Tuesday, May 3, 2022

The French Connection Revisited

In 1962, two New York City police detectives made the biggest drug bust of that time. The case is known as the French Connection.

Many people are familiar with the case from the 1971 Oscar-winning movie, “The French Connection.” Fewer may know the case from Robin Moore’s 1969, non-fiction book.

Moore detailed the painstaking and sometimes hair-raising work of detectives Eddie Egan and Sonny Grosso leading to the seizure of more than 100 pounds of heroin and the arrest of some – but not all – of the drug traffickers. 

Egan and Grosso got on to the case by chance. After working round the clock for several days, they went to a night club for a drink. There they spotted a young guy being treated like royalty by some known wiseguys. Wondering what was up, the detectives followed the guy who turned out to be the nephew of a mob boss. The guy seemed to have some suspicious connections of his own. By night he made pickups and deliveries around town. By day, he and his young wife ran a lunch counter and candy store in Brooklyn.

For weeks, Egan and Grosso watched the man. Keeping an eye on the luncheonette, the detectives observed some shady characters coming and going. The detectives got warrants to tap the man’s home and business phones. When the wiretaps picked up some foreign voices, Egan and Grosso were on to the French connection.

They identified a key player, but tailing the Frenchmen proved to be harder than expected. At one point, the man gave Egan the slip in the subway and waved at the detective as the train left the station. The filmmakers used that moment in the movie.

But the book and the movie differ.

The movie – which is one of the great crime films – invented some scenes not in the book, like the car chasing the train. The book had scenes in cars that may have been too confusing to film, as when the Brooklyn man routinely drove up and down Manhattan streets to shake any possible police tail and making it hard for the detectives to follow him. At one point, Grosso, dressed as a delivery boy, tried to follow on a bicycle.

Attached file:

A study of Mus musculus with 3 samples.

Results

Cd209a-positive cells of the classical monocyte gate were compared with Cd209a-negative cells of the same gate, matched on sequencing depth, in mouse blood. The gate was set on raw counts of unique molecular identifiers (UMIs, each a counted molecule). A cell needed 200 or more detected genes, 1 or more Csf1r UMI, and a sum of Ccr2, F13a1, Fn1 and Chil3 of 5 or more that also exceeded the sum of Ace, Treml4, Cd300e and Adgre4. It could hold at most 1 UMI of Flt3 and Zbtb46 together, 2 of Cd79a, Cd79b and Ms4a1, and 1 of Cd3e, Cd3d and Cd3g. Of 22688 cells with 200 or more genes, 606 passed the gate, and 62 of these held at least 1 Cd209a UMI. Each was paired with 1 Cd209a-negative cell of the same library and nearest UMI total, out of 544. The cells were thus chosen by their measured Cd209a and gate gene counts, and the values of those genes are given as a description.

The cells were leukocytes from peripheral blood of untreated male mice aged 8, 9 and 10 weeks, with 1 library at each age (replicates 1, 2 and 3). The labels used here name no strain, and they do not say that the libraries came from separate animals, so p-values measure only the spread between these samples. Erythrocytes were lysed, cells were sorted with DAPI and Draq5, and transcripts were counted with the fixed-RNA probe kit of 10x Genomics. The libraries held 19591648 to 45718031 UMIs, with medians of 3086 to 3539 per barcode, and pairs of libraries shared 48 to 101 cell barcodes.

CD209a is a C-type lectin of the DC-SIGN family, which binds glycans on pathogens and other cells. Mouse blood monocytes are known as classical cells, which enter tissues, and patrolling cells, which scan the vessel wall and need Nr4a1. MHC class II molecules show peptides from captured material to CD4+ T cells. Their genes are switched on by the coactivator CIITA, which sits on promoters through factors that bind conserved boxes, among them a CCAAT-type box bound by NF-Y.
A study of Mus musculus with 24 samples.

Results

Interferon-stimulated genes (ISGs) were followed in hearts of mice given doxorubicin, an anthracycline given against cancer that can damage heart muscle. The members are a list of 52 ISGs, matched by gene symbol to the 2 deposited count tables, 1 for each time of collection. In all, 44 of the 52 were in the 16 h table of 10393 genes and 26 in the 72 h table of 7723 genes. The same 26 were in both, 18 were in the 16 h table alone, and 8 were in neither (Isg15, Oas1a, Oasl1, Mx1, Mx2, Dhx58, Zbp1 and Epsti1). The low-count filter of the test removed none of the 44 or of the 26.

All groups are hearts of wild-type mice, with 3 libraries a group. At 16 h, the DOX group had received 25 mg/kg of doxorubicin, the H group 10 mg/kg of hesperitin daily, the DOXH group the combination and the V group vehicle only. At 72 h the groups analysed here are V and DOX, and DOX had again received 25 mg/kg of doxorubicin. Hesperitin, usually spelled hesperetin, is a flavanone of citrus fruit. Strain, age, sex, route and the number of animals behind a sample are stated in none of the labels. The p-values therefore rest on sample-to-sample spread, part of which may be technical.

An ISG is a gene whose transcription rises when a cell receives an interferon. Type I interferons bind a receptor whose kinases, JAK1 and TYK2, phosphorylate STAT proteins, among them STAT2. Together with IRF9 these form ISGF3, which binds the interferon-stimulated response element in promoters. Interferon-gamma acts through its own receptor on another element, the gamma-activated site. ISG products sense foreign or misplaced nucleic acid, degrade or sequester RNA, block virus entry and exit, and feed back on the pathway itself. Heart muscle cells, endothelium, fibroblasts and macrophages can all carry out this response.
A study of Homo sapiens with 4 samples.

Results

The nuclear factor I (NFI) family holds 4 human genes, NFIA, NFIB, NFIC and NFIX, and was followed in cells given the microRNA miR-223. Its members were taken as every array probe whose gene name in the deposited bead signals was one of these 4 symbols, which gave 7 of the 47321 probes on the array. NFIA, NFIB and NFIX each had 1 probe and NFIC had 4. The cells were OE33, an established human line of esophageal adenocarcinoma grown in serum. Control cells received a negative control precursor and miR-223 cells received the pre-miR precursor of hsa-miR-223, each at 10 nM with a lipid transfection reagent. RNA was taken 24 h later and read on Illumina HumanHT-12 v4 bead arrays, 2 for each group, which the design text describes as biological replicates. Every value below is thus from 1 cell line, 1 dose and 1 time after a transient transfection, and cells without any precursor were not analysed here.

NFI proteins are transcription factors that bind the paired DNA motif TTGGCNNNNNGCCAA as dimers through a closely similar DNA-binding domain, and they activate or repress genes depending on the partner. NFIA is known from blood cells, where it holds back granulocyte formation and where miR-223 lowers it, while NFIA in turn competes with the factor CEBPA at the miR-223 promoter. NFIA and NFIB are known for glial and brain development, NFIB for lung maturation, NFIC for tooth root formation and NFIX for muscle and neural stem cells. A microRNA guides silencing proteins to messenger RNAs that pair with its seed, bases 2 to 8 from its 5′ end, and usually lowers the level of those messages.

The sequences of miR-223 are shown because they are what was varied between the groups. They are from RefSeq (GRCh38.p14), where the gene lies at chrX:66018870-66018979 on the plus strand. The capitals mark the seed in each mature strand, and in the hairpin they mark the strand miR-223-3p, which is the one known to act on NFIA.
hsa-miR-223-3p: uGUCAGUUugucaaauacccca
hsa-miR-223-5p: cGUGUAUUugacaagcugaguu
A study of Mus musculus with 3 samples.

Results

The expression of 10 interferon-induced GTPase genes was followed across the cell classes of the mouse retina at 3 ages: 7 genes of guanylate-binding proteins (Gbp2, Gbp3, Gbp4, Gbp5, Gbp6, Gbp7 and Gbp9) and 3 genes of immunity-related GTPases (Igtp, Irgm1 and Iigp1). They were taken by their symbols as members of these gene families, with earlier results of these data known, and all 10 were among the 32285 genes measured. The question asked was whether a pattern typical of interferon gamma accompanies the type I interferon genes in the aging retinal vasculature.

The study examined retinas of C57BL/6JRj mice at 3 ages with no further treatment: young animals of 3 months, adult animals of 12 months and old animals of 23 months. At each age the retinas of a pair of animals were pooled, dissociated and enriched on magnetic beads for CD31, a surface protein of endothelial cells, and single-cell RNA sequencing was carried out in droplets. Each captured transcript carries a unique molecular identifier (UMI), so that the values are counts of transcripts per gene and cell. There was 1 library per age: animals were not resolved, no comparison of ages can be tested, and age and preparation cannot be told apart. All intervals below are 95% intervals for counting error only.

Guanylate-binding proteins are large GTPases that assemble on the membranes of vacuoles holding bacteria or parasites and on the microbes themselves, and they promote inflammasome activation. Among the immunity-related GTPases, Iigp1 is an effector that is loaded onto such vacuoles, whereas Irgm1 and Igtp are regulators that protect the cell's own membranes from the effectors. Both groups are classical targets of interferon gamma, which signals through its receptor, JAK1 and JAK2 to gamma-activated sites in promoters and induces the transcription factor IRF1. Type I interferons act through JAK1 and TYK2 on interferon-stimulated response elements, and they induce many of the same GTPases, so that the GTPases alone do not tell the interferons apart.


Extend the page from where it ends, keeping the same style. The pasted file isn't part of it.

A confusing part of the movie was when the drug smugglers inexplicably left a new Lincoln Mark III on a street in a rundown neighborhood. The book explains the move. It was the method the local mob guys used to transfer the drugs.

They found that a 1960 Buick Invicta had panels under the car that when taken off revealed spaces perfect for hiding contraband. They arranged for the car, which had been brought in from France, to be left on a particular street. The mob guys would then move the car into a rented garage on that block, open the panels, take out the packages of heroin, replace the panels and put the car back on the street to be picked up by their French contacts. They even had a jar of mud from France to smear on the panels. If the police tested the dirt, it would look like nothing had been done to the car since it left Europe.

Moore’s book ranks up there with the best non-fiction crime stories, and, like Truman Capote’s In Cold Blood, it reads like a novel.

Robin Moore (1925-2008) wrote about 60 books, often with co-authors, including other true crime stories and The Happy Hooker. He died at age 82 while working on three new books. Moore served in the Air Force during World War II, then went to Harvard. In the early 1960s, he approached one of his college acquaintances, Robert F. Kennedy, and gained access to the Army Special Forces. In 1965 he published The Green Berets.